Ex-admiral turns down US national security adviser job: reports

Robert Harward. (U.S. Marines/Handout via Reuters)
Updated 17 February 2017

WASHINGTON: A former navy admiral reportedly tapped by President Donald Trump to be his national security adviser has declined the post, US media said on Thursday.
Robert Harward’s rejection leaves President Donald Trump without a replacement for retired general Michael Flynn, who resigned over a scandal involving his links with the Russian ambassador in Washington.
Officially Harward said he had turned down the job because of family and financial commitments.
However several US media outlets, including CNN and Politico, reported late Thursday that Harward was unhappy because he had no guarantees that the National Security Council — and not Trump’s political advisers — would be in charge of policy,
In a statement read on CNN, Harward said he had turned down the job because he “could not make that commitment.”
“This job requires 24 hours a day, seven days a week focus and commitment to do it right. I currently could not make that commitment,” the statement read.
He added that since retiring he’s had a chance “to address financial and family issues that would have been challenging in this position.”
An unnamed Harward friend told CNN he refused the job because of the chaos at the White House, while the Washington Post said it was in part because he would not be able to choose his own staff.
Harward, 60, spent much of his career in the Navy SEALs, the tough special warfare units, and commanded SEAL Team 3, which specializes in operations in the Middle East.
During his career Harward also worked closely with retired Marine Corps General James Mattis, the current defense secretary.
He led Special Warfare task groups in Afghanistan in 2001 and Iraq beginning in 2002. A year later, he was in the White House of President George W. Bush as part of the National Security Council, and in 2005 moved to the new National Counterterrorism Center.
After a tour in Afghanistan, from 2011 to his retirement in 2013 he was deputy commander of US Central Command — in charge of US military operations in the Middle East and Afghanistan.
After retiring Harward became a representative of defense contractor Lockheed Martin in the United Arab Emirates and made appearances as a military expert for the ABC television network.
The shaven-head tough guy, who spent his teenage years in Iran in the 1970s and speaks Farsi, was widely seen as a steadying presence after the volatile Flynn.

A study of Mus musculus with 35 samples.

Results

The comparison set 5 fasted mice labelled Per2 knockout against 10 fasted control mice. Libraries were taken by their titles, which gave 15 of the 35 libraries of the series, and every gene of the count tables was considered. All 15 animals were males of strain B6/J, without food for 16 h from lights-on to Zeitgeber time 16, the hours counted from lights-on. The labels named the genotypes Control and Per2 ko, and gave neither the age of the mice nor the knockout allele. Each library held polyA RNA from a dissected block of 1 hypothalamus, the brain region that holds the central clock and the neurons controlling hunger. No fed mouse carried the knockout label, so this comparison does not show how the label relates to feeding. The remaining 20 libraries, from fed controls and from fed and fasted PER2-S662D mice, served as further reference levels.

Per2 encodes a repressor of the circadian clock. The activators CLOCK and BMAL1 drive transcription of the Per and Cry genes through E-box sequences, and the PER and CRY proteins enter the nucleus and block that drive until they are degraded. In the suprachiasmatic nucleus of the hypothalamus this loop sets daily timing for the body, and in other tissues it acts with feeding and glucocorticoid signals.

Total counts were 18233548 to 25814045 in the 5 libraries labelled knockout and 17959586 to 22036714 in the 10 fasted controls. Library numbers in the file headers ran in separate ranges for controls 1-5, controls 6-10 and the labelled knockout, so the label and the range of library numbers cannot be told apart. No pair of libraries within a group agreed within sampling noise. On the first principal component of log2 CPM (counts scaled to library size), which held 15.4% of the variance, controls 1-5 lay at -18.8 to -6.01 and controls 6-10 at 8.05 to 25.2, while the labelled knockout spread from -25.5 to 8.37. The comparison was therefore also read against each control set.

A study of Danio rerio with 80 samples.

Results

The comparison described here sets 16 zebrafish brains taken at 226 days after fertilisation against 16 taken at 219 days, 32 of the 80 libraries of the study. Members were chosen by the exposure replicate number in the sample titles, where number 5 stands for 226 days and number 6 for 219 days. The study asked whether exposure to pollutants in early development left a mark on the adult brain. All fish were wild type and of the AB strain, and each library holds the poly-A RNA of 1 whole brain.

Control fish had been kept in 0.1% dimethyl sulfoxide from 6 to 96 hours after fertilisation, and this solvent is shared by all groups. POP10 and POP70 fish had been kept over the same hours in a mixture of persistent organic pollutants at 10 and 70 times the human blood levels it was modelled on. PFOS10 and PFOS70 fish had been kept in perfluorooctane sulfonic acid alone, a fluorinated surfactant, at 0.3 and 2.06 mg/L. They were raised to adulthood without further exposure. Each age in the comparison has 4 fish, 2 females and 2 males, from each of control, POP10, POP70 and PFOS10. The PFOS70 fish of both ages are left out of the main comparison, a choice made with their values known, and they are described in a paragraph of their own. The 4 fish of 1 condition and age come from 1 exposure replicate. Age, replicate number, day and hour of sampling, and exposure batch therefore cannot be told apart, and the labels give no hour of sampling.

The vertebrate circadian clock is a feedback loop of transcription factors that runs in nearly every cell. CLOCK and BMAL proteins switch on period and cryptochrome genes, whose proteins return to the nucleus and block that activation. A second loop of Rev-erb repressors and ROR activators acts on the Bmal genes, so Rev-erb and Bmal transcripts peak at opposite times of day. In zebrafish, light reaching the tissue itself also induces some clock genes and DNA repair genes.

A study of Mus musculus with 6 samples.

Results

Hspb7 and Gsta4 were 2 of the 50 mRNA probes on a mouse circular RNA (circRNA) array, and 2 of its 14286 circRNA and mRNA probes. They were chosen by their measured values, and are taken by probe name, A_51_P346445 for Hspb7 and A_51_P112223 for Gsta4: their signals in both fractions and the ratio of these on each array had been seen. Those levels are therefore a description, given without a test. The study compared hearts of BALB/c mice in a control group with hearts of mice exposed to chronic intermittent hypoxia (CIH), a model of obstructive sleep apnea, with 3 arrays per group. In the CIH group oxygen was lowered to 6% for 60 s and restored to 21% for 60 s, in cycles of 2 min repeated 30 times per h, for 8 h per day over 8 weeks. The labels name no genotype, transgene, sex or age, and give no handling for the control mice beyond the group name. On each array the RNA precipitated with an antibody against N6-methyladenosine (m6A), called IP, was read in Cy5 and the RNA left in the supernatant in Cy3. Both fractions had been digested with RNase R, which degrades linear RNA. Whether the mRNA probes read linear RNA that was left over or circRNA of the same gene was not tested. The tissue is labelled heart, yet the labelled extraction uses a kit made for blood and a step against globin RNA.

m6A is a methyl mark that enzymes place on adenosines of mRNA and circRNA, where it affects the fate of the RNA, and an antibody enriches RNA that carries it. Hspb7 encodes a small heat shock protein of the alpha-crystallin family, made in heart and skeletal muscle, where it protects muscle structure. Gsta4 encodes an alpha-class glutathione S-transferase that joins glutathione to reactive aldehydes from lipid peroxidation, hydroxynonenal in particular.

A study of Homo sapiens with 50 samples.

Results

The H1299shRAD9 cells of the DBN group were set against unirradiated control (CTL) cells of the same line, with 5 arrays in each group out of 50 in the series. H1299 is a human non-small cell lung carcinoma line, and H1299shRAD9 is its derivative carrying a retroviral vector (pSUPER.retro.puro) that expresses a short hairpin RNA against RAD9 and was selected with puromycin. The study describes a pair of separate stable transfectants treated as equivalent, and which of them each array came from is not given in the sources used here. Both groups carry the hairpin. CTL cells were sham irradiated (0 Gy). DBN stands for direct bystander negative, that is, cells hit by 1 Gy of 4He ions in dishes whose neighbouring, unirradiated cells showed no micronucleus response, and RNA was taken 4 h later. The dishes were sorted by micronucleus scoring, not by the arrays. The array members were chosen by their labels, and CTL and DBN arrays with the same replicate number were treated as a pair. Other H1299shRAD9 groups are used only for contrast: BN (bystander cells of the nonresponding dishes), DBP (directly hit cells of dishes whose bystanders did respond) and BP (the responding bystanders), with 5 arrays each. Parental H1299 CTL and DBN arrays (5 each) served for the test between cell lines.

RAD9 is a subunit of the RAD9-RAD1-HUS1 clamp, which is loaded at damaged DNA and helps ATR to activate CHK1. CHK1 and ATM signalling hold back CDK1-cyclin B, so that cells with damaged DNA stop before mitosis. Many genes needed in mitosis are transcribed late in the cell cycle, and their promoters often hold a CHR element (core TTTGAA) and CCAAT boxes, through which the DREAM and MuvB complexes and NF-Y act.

Flynn resigned after being implicated in several telephone conversations with the Russian ambassador in Washington before Trump took office.
Harward’s rejection caps a riotous day for the 70-year-old US president, who earlier Thursday lambasted his critics in the media and in politics in a wide-ranging one hour, 16-minute-long press conference.


Scientific study finds asylum seekers boosting European economies

Updated 21 June 2018

  • Asylum seekers contributed most to a country’s gross domestic product after three to seven years, the research found
  • The findings come amid a rise of anti-immigrant sentiment across Europe, where immigration peaked in 2015 with the arrival of more than a million refugees and migrants from the Middle East and Africa

NEW YORK: Asylum seekers moving to Europe have raised their adopted nations’ economic output, lowered unemployment and not placed a burden on public finances, scientists said on Wednesday.
An analysis of economic and migration data for the last three decades found asylum seekers added to gross domestic products and boosted net tax revenues by as much as 1 percent, said a study published in Science Advances by French economists.
The findings come amid a rise of anti-immigrant sentiment across Europe, where immigration peaked in 2015 with the arrival of more than a million refugees and migrants from the Middle East and Africa.
An annual report by the United Nations High Commissioner for Refugees released on Tuesday showed the global number of refugees grew by a record 2.9 million in 2017 to 25.4 million.
The research from 1985 to 2015 looked at asylum seekers — migrants who demonstrate a fear of persecution in their homeland in order to be resettled in a new country.
“The cliché that international migration is associated with economic ‘burden’ can be dispelled,” wrote the scientists from the French National Center for Scientific Research, the University of Clermont-Auvergne and Paris-Nanterre University.
The research analyzed data from Austria, Belgium, Denmark, Finland, France, Germany, Iceland, Ireland, Norway, the Netherlands, Portugal, Spain, Sweden and the United Kingdom.
Asylum seekers contributed most to a country’s gross domestic product after three to seven years, the research found. They marginally lowered unemployment rates and had a near-zero impact of public finances, it said.
Greece, where the bulk of migrants fleeing civil war in Syria have entered Europe, was not included because fiscal data before 1990 was unavailable, it said.
Chad Sparber, an associate professor of economics at the US-based Colgate University, said the study was a reminder there is no convincing economic case against humanitarian migration.
But he warned against dismissing the views of residents who might personally feel a negative consequence of immigration.
“There are people who do lose or suffer,” he told the Thomson Reuters Foundation.
“Immigration on balance is good,” he said. “But I still recognize that it’s not true for every person.”